Artist Joereal Numina paints a mural on the exterior wall of Indigo Salon on Coleman Avenue in 2017. The mural is named “Cultivating New Tones on the Spectral Stage of History.”
Artist Joereal Numina paints a mural on the exterior wall of Indigo Salon on Coleman Avenue in 2017. The mural is named “Cultivating New Tones on the Spectral Stage of History.”

The mural spans the length of Indigo Salon on the edge of Mercer Village on Coleman Avenue.

It is made up of vibrant hues of purple and blue spray paint, highlighted with white, shaded in black.

In the center stands Martin R. Delany, who served as the first African-American field grade officer in the U.S. Army during the American Civil War. He was active in recruiting African-Americans for the United States Colored Troops on the Union Army side.

A group of black Civil War soldiers stand behind him.

Beside Delaney is Sam Oni, Mercer’s first black student from Africa.

The mural is made up of several layers of symbolism. The first layer is a commentary on the consideration of confederate monument removal.

“All my work is activist-based,” said muralist and graffiti artist Joereal Elliott.

A silhouette of Rosa Parks seated on the famous Montgomery, Alabama bus stands in the background of the painting.

Her booking number 7053 from her arrest is just beneath her.

Thais Ackerman

Craig Coleman, Mercer associate professor of art, said that it was a student living in the apartments across from the mural that suggested to Elliott that Parks be added to the piece.

“It’s about using your body as a voice,” Elliott said.

The individuals in the mural are painted in different positions from standing and sitting to kneeling.

Two football players kneel on either side of Delany, paying a nod to the ongoing National Anthem protest that began in 2016.

The protest calls attention to racial inequality and police brutality issues in the U.S.

The second layer is about the need for greater equal rights in America.

Many of Elliott’s works have been equal rights pieces, especially regarding Native Americans.

The Mercer Village mural is the last project spearheaded by the university’s art department “Art in the Park” series funded by the Knight Neighborhood Grant.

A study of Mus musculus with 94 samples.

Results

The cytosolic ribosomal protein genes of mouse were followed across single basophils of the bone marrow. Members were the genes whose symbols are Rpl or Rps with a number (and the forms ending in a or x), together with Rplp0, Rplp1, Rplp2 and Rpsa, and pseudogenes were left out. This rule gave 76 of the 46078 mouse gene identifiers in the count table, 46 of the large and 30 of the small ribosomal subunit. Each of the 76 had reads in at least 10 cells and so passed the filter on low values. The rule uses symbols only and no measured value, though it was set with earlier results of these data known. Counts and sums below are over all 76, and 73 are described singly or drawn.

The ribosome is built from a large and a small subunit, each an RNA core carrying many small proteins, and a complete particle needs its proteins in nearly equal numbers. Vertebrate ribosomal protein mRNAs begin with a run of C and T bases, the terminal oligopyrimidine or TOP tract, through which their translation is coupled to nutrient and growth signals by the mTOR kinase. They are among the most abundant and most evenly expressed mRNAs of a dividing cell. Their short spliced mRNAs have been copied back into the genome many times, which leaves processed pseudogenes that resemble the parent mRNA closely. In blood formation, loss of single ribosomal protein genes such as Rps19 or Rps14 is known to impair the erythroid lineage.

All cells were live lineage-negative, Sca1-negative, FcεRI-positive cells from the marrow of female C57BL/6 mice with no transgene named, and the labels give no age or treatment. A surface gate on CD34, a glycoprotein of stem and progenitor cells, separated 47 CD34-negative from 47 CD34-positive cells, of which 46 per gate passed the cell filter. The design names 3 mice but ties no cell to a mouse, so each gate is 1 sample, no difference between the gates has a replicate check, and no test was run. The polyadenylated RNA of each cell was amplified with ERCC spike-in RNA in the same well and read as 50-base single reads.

The murals official unveiling took place on Nov. 17 at noon.

The mural was presented to about a dozen spectators comprised of Mercer students, faculty and Macon community members.

Elliott spoke on behalf of his piece in detail and the event concluded with a light reception.

The unveiling was part of a two-week program that featured two lectures about graffiti art and activism, and a workshop about graffiti style and spray paint can control.

Originally from San Angelo, Texas, Elliott is now based in Santa Fe, New Mexico, where he is also a practicing yoga instructor.

As a well-traveled artist, Elliott has been able to incorporate various graffiti and street art styles from around the United States into his own works.

His artistic intentions are to create non-reductive works that cultivate a contemplative space of liberty through living symbolism and the creative unconscious.


As a guest artist, Elliott said he wants to paint something that is aesthetically beautiful, but that has depth and is relative to the community.

He said that the city of Macon has great potential to have more legal public art.

“I hope the city and… officials like what I am doing and allow more artists to do more (local art),” Elliott said.

He suggests that the healthy recipe for public art is 60 to 70 percent coming from local community artists and then 30 to 40 percent from the outside.

“The feedback has been very positive,” Coleman said.

Coleman said that the goal of the mural was to widen people’s view on how public art can bring a positive impact to a place and community.

The third layer to the mural is a petition against the proposed Trump wall between the Mexican-United States border.

Each square foot of the painting is a petition of scale to the border wall.

Elliott has already out scaled the prototype Trump wall.

“Typically when artists transform a wall it’s an act of inclusiveness and transforms a community. And, it’s rarely harmful and submissive, like the Trump wall,” Elliott said.

“This mural feels really good,” he said.